Wed. Aug 12th, 2020

Open source editor Atom collects user data without consent

2 min read

Atom is a cross-platform text editor for programmers from GitHub. Yesterday, a user filed an issue with Atom saying that it had collected user data without consent. A user write:

Atom is contacting Microsoft/GitHub processes running on Amazon servers on first launch without consent, and leaking my IP address and timestamp to the manufacturer, as well as transmitting the fact that I use Atom (via outbound request) to thousands of other people and organizations.

A user’s IP address, as well as the tracking/telemetry/analytics/autoupdate target host IP are both transmitted from the user’s machine at time of first launch (adding a timestamp to these first two pieces of data).

This tuple of (user source IP, destination ip, TCP port, TLS SNI hostname, timestamp) leaks usage information to thousands of different people when it is sent from the user’s computer: ISP, hosting providers, network interchanges, intelligence services (hi Ed!), Microsoft internal systems administrators, GitHub systems administrators, and Amazon network administrators. The user is given no opportunity to opt out of this, to prevent it, and is not even made aware of it happening.

This means that the work on #12281 is incomplete. The software is still transmitting user data without consent before the consent dialog even appears.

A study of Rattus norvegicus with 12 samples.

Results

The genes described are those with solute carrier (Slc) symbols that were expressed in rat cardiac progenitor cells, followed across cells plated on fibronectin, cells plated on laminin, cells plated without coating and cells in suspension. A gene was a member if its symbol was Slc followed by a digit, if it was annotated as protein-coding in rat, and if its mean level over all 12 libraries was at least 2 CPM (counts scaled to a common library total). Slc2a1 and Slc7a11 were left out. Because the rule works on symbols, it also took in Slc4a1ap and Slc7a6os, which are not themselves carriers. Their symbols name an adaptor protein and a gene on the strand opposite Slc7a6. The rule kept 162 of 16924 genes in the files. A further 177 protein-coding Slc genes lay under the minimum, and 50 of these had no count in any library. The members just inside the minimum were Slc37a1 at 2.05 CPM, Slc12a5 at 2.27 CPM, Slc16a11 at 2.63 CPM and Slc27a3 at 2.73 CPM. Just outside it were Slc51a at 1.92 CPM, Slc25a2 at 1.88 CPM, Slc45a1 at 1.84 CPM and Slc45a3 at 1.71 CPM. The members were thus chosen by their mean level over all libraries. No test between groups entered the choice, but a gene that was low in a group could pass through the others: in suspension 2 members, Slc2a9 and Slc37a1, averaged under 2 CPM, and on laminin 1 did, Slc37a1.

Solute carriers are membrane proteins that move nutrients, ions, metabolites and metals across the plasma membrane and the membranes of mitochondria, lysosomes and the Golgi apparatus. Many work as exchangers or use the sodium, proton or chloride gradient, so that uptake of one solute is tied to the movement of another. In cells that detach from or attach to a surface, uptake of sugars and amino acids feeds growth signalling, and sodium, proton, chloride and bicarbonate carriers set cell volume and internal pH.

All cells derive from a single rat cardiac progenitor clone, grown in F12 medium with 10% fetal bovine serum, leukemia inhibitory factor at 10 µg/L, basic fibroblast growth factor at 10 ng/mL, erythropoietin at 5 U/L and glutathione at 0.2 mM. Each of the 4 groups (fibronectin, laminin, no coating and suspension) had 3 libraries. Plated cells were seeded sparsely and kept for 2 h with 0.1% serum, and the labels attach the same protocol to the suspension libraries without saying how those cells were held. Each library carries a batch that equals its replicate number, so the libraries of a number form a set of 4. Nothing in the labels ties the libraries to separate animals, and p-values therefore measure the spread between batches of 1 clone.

Lee Dohm from the Atom team posted a final response, acknowledging that the telemetry package should not send information before clicking the button, and will investigate its premature connection to On the other hand, he insisted on the Atom’s design pattern, and the rest, especially the automatic update check, retained the current design approach.

We agree that the telemetry package shouldn’t send information before a button is clicked, so we’re definitely going to investigate premature connections to before the user has explicitly clicked a button and we are tracking that in atom/telemetry#33.

We can appreciate that different people make different tradeoffs when it comes to network exposure versus functionality. We’ve made choices that we feel strike a good balance for the majority of users, so we’ll be leaving the rest, specifically auto-update checking, the way it currently is designed.